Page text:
By Christopher Wells
Pope Francis on Wednesday held his first General Audience since sweeping measures were imposed throughout Italy to contain the coronavirus epidemic. The Audience was livestreamed from the Library of the Apostolic Palace, to avoid the large gatherings of people that typically fill St Peter’s Square to hear the Holy Father.
An inner longing for God
In his catechesis, the Holy Father reflected on the fourth beatitude, “Blessed are those who hunger and thirst for justice, for they shall be satisfied”. The words “hunger and thirst” speak to “crucial, daily needs”; while the term “justice” refers to “a thirst in the heart of human beings, an inner thirst, an inner hunger, an inner restlessness for God”.
This longing is found even “in those who are most corrupt, and furthest from goodness”, even if it is hidden “under the ruins of deception and error”. It is the Holy Spirit, Pope Francis said, that keeps up this longing within us: “He is the living water” that shaped the dust from which we were made; the “creating breath that has given us life”.
Humanity needs the Good News of Jesus
And it is for this reason that the Church was commissioned to proclaim God’s Word: because the Gospel of Jesus Christ is the greatest justice that can be offered to the heart of humanity, which has a vital need for it”, even if humanity does not always realize it.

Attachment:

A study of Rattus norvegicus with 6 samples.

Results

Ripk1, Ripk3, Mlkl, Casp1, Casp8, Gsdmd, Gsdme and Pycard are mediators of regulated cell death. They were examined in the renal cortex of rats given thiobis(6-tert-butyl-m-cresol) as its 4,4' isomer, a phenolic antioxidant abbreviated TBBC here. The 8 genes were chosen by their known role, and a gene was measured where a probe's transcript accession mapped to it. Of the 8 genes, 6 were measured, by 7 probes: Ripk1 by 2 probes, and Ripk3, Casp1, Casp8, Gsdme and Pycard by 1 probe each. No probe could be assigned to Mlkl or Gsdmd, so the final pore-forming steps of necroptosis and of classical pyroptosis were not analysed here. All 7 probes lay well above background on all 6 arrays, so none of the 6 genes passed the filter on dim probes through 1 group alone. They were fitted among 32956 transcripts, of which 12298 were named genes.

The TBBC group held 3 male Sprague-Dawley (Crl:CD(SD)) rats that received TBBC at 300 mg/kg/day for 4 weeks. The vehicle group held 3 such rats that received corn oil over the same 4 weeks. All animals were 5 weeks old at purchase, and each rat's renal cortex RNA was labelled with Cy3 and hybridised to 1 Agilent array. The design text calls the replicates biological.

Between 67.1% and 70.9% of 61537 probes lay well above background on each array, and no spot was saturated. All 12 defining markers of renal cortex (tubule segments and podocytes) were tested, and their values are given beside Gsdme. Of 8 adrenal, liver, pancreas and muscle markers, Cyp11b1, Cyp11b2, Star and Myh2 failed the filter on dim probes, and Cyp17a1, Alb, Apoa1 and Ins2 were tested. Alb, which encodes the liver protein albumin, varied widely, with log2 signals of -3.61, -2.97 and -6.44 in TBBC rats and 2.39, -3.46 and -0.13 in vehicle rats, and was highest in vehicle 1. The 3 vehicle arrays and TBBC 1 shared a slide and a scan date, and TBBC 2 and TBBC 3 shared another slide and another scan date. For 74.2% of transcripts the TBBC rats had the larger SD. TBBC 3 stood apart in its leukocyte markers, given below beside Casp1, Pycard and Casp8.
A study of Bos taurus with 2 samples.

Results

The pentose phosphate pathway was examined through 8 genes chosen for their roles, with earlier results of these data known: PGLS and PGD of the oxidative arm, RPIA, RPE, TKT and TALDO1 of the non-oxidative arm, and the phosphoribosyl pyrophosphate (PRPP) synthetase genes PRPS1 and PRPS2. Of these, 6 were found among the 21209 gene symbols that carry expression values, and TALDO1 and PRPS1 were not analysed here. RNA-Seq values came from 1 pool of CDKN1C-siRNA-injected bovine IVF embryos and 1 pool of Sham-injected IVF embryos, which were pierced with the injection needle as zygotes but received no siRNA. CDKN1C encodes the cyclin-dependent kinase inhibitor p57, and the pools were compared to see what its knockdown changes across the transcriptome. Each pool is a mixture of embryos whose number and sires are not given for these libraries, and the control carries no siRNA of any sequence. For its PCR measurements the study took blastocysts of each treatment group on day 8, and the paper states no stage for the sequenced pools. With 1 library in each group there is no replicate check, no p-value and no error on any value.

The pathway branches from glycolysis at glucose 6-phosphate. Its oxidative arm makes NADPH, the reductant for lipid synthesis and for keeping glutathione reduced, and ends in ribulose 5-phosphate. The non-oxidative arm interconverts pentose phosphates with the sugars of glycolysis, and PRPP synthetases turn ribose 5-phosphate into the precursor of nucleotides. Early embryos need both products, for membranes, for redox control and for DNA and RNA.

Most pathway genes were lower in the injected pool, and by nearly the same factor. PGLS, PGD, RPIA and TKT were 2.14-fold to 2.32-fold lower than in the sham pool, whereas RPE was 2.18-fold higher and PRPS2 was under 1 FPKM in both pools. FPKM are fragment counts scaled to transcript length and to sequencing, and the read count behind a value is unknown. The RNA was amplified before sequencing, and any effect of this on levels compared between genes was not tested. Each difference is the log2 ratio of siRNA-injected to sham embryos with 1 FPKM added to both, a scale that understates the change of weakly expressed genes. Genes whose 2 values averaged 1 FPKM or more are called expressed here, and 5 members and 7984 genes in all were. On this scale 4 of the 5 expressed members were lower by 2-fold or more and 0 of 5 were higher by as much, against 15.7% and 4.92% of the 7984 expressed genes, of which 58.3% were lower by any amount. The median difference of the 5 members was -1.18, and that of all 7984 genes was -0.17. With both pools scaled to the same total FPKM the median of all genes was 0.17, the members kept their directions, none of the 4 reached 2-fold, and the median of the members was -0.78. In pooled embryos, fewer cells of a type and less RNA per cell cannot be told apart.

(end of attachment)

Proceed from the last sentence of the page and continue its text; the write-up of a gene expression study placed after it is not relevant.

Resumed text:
“Every person”, the Pope said, “is called to rediscover what really matters, what they truly need, what allows them to live well”, and, on the contrary, “what is of secondary importance, and what they can safely do without”.
In this beatitude, “Jesus proclaims… that there is a thirst that cannot be disappointed; a thirst that, if indulged, will be satisfied and will always succeed, because it corresponds to the very heart of God”, Pope Francis said.
Prayer for the sick
Following his catechesis, Pope Francis offered words of closeness and consolation to those afflicted by Covid-19, but also to those suffering from other ailments. He thanked all those who are assisting them, especially Christians “and men and women of goodwill, who are praying - united together, no matter the religious tradition to which they belong".
But, he added, “I would not want this suffering, this very serious epidemic, to make us forget the poor Syrian people, who are suffering on the border between Greece and Turkey: a people who have suffered for years… Let us not forget our brothers and sisters, including so many children, who are suffering there.”